Are Francis Collins, Ken Miller, and Simon Conway Morris Creationists?

Richard Weikart

Of course not, as we all know. But someone forgot to tell Hector Avalos, a critic of my role in the movie “Expelled.”
In a radio debate with me on WHO in Des Moines this morning, Avalos (religion professor at Iowa State University) claimed that Hitler was a creationist. I objected to this ridiculous claim. I countered that Hitler may have believed in a God of some sort who created natural laws, but one of the laws he thought God had created was the law of evolution by natural selection and the struggle for existence. I then quoted from Hitler to demonstrate that he did indeed believe in human evolution. In an extended conversation about evolution on October 24, 1941, Hitler lambasted Christianity, claiming that evolutionary science showed the poverty of the church’s dogmas. Hitler then stated, “There have been humans at the rank at least of a baboon in any case for 300,000 years at least.”

Bizarrely, Avalos in his closing remarks then thanked me for conceding that Hitler was a creationist, because, he said, anyone believing in a God who created natural laws is a creationist by definition. Well, then Darwin must have been a creationist, too, when he wrote in The Origin of Species about “the laws impressed on matter by the Creator.” (p. 458 of the Penguin edition) So, according to Avalos, Darwin was a creationist, as is anyone who claims to believe in a God that created natural laws. Francis Collins in his book, The Language of God, makes clear that he believes in a God who created natural laws. Avalos, then, thinks Collins is a creationist.
Does Avalos really not understand the distinction between theistic evolutionism and creationism? Does he really not understand that Collins and other theistic evolutionists are not considered creationists by most people’s definition of the term? Does Avalos think he can just make up his own definitions during a debate?
Our debate was over the question: “Was Darwinism MORE significant than Christian anti-Judaism in explaining Nazi ideology?” In the course of the debate Avalos showed little understanding of German history or Nazi ideology. He never addressed the major aspects of Nazi ideology that were heavily influenced by Darwinism, but on which Christian anti-Judaism had no influence. I listed seven such features of Nazi ideology:
1. Nazi eugenics policies, which led to the compulsory sterilization of 200,000 disabled people, forced abortions for disabled, and in 1939 killing the disabled (about 200,000 disabled people were murdered).
2. The drive for population expansion (Darwin claimed in Descent of Man that the birthrate should not be limited, because a higher birthrate was advantageous for evolution). Hitler often expressed the same view.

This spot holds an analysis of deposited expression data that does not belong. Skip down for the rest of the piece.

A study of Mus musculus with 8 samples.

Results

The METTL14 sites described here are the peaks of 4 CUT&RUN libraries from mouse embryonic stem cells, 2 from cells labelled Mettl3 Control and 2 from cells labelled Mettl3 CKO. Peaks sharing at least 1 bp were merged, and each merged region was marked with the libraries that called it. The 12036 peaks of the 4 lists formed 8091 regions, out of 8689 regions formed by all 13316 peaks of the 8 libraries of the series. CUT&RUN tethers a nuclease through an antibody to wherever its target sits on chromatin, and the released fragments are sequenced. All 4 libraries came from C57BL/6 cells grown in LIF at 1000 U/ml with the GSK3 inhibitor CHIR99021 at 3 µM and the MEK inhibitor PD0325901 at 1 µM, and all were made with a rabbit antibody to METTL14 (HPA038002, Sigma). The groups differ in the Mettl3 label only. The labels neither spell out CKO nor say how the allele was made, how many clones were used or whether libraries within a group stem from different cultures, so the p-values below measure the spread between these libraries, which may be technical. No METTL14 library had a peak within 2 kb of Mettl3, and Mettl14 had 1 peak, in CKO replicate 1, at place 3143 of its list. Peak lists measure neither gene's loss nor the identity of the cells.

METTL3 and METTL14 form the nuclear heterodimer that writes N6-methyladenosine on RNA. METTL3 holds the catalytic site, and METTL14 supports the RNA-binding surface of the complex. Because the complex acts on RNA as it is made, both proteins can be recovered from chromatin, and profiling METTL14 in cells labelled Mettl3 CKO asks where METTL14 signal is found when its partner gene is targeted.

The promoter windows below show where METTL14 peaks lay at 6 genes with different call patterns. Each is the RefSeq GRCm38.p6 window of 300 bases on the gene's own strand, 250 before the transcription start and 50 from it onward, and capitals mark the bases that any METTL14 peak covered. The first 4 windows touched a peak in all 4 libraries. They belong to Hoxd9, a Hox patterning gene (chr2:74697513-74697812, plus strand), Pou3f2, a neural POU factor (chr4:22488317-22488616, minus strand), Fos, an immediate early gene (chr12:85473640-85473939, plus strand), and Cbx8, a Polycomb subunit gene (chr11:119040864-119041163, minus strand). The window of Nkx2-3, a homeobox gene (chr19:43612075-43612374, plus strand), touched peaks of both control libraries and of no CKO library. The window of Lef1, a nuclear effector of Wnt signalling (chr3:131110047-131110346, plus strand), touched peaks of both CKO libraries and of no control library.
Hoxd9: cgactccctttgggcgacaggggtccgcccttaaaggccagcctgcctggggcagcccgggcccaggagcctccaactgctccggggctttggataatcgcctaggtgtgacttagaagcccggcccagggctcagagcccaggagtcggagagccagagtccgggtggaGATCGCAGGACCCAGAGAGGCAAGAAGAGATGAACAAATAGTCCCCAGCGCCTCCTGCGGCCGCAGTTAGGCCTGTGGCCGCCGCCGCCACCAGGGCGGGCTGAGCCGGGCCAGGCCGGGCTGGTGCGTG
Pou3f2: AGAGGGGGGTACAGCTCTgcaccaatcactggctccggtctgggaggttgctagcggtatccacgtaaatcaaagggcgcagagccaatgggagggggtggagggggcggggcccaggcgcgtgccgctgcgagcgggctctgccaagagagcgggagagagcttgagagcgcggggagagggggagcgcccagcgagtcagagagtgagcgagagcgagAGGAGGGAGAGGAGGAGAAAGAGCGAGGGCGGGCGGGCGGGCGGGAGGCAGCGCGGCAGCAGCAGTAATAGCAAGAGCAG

3. The need for living space (this was one cause of World War II, not just a minor feature). Hitler often expressed the need for living space in evolutionary terms.
4. Racial inequality — Darwin and Haeckel argued for human inequality on the basis of Darwinian evolution.
5. Anti-Marxism — The leading German Darwinist Haeckel argued that Darwinism disproved Marxism.
6. History as a racial struggle for existence.
7. The evolution of moral traits — Hitler believed that Jews had evolved bad moral traits, while Aryans had evolved good moral traits.
All these views were all upheld by prominent Darwinists on the basis of Darwinism. They permeated racial ideology in the pre-Nazi period. Hitler also upheld them and made clear they were central aspects of his ideology. Avalos completely ignored most of these points (many of which I had already made in my book, From Darwin to Hitler, so he should not have been surprised that I raised them).
Avalos focused all his attention on Nazi anti-Semitism. Fair enough. He showed that Luther made horrible remarks about Jews. However, Avalos claimed falsely that Luther’s anti-Judaism was essentially the same as Hitler’s. This not only shows that Avalos does not know how to properly make distinctions, but it shows complete ignorance of the history of anti-Semitism and Nazi ideology. Avalos did not distinguish at all between Luther’s stated reasons for persecuting the Jews–their religion, and Hitler’s stated reason for persecuting the Jews–their racial characteristics. He didn’t distinguish between Luther’s idea of killing rabbis who continue to illegally teach Judaism, and Hitler’s idea to kill all the Jews of Europe, men, women, and children, no matter whether they believed in Judaism or not. He didn’t distinguish between Luther’s desire to convert Jews to Christianity, and Hitler’s opposition to converting Jews to Christianity. As distasteful, shocking, and repugnant as Luther’s anti-Semitic views were, they were not simply the same as the Nazis (I ran out of time in the debate or I would have mentioned many other aspects of Hitler’s anti-Semitism that had nothing to do with Luther’s anti-Judaism, e.g., the idea of a Jewish world conspiracy; Hitler’s linking Jews with communism; the idea that Jews were sponsors of internationalism; the idea that Jews promoted liberalism and parliamentary democracy; Jews as controllers of the press and theater; etc., etc.).
I will leave it to listeners to decide who won the debate, but I left the debate doubting that Avalos knows much about German history, which was the major field of my Ph.D.